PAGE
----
Organisations are caught off guard when they receive a ransom demand from hacker. They may not be aware of how the hackers gained access, identified vulnerabilities and encrypted their files before issuing the ransom demand.

The threat is no more isolated, with close to 1.4 million cyber security incidents in 2022 alone. The frequency of attacks in India, which far surpassed global averages, shows the enormity of the problem.

“What makes these ransomware attacks a real challenge is the fact that these attacks are sudden. Before you realise there’s a threat, the hackers have stolen information, have encrypted valuable files, and are demanding that a ransom be paid to release those files back to you,” Shuja Mirza, Director, Solutions Engineering, NetApp India, says.

“Paying the ransom doesn’t always minimise the damage. It can take weeks after a ransomware attack to fully assess the damage done – not to mention many functions that come to a standstill, affecting the business crucially,” he says.

Prevention plans

Putting in place a robust prevention plan would help companies in not only minising the damage, but also in resuming the operations faster.

“Preventing these ransomware attacks requires careful attention to every aspect of your data. It requires a multilayered solution to what is a multilayered problem,” he contends.

The strategy would include infrastructure management, monitoring, and services to help protect, detect, and recover from cyber threats.

Recovering the data and getting business back on the track is not enough.

“What is needed is a comprehensive and preventive approach to ransomware protection, including solutions that have built-in features that protect and secure primary data, using AI and machine learning to proactively spot and counter malicious or irregular actions,” he points out.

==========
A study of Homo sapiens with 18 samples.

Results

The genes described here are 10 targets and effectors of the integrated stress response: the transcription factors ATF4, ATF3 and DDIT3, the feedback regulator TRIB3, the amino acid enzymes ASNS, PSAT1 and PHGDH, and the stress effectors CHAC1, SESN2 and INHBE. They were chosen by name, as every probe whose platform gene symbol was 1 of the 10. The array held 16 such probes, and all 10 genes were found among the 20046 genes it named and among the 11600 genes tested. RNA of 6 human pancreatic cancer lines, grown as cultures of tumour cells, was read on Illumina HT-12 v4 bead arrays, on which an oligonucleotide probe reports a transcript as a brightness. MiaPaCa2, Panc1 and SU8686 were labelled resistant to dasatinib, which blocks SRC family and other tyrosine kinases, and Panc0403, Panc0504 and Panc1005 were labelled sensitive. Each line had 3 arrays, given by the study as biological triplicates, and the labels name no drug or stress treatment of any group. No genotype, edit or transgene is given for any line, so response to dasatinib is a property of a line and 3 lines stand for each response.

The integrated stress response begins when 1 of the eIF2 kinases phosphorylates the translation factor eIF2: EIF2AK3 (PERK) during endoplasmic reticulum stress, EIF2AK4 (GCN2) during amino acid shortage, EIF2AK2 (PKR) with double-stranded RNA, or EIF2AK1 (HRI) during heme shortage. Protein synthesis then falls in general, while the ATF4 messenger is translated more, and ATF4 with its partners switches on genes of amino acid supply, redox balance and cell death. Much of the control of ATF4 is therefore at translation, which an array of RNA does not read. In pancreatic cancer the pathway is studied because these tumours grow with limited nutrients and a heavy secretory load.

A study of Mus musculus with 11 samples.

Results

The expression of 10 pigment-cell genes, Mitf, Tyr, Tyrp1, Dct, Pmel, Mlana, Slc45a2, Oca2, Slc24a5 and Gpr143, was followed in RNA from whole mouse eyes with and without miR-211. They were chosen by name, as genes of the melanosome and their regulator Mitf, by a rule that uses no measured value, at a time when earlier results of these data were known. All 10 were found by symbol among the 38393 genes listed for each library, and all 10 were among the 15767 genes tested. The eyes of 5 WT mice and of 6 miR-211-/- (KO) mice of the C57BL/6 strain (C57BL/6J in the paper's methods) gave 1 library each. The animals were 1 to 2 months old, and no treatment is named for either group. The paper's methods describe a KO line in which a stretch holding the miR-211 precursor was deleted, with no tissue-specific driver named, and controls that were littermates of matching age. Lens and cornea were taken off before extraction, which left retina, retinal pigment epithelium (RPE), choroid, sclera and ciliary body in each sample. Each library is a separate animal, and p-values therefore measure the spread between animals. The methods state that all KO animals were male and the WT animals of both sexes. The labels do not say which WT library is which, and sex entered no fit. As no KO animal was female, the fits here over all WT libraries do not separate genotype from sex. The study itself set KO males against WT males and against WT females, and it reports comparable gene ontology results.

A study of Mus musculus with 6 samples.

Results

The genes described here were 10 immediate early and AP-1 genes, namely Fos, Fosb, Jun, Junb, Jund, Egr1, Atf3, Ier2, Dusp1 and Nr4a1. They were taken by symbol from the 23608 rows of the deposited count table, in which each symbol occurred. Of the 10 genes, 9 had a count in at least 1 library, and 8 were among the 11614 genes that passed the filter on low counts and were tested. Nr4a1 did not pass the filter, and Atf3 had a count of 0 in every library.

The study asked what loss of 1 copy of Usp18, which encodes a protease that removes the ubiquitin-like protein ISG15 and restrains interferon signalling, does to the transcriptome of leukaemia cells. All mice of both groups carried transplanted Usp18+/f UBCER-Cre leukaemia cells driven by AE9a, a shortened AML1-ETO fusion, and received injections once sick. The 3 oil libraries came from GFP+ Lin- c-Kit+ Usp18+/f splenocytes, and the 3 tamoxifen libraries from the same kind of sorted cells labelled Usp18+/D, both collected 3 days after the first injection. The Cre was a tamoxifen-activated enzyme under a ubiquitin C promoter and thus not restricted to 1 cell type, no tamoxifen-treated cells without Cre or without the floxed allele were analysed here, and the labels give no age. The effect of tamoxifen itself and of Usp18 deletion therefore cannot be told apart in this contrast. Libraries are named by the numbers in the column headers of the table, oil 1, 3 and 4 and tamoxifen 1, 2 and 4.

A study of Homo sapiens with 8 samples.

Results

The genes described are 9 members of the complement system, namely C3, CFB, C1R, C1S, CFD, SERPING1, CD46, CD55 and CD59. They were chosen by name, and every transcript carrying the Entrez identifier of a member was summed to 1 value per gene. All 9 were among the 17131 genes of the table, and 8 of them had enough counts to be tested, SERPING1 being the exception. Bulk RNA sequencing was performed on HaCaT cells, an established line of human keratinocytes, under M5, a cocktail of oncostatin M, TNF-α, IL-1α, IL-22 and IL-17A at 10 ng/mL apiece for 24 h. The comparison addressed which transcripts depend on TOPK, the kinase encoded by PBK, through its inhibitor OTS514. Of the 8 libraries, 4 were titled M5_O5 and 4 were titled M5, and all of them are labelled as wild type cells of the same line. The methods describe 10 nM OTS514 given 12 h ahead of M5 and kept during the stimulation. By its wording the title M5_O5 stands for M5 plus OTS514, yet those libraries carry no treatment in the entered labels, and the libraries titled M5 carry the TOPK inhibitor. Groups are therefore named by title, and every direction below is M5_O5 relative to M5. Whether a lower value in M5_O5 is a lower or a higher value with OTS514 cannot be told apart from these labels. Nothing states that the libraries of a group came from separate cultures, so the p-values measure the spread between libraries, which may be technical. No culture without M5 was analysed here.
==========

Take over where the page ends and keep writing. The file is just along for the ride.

Mirza moots a five-step approach for organisations to put in place a robust cyber resilience frame.

“A data centric approach would help organisations build a robust security foundation to support their future cloud and digital transformation initiatives. It allows them to nurture greater digital trust among their stakeholders and stand out among their competition in the digital economy,” he says.

Five-step strategy

In a strategy note on cyber resilience, he moots a five-step approach that an organisation can consider when developing its cyber resilience strategy:

Identify: He called for a full visibility of the network landscape. “You need to take stock of the IT environment and assess current data protection and security processes,” he says.

It would include classification of all data sets into different categories based on their business values and understanding where and how all these data sets are kept and accessed.

Protect: Organisations need to encrypt all the critical data and go for regular backups and enforce perimeter defences. They should update vulnerable operating systems and applications. They must sensitise and train all the employees in cybersecurity best practices. They should have a zero-trust policy (trust no one) to leave no chinks in the armour.

Detect: He felt that detection holds the key in staying ahead of malicious actors. This calls for constant monitoring of user behavior, and detection of anomalies in storage or file system behaviour.

“Continuous monitoring with a single-pane view of their data environment makes it easier for organisations to identify and act on anomalies in user behavior,” he points out.

Respond: A good disaster recovery and business continuity plan needs to be tested periodically, including operational response as well as automated responses. Plans need to be updated continuously as threats evolve and lessons learnt from other attacks. Updates should be communicated with internal and external stakeholders to ensure a coordinated response if an attack occurs.

Recover: Downtime can be reduced by applying intelligent forensics to identify the source of the threat and targeting which data to restore first. By rapidly restoring data, companies can help accelerate operational recovery and bring critical applications back online.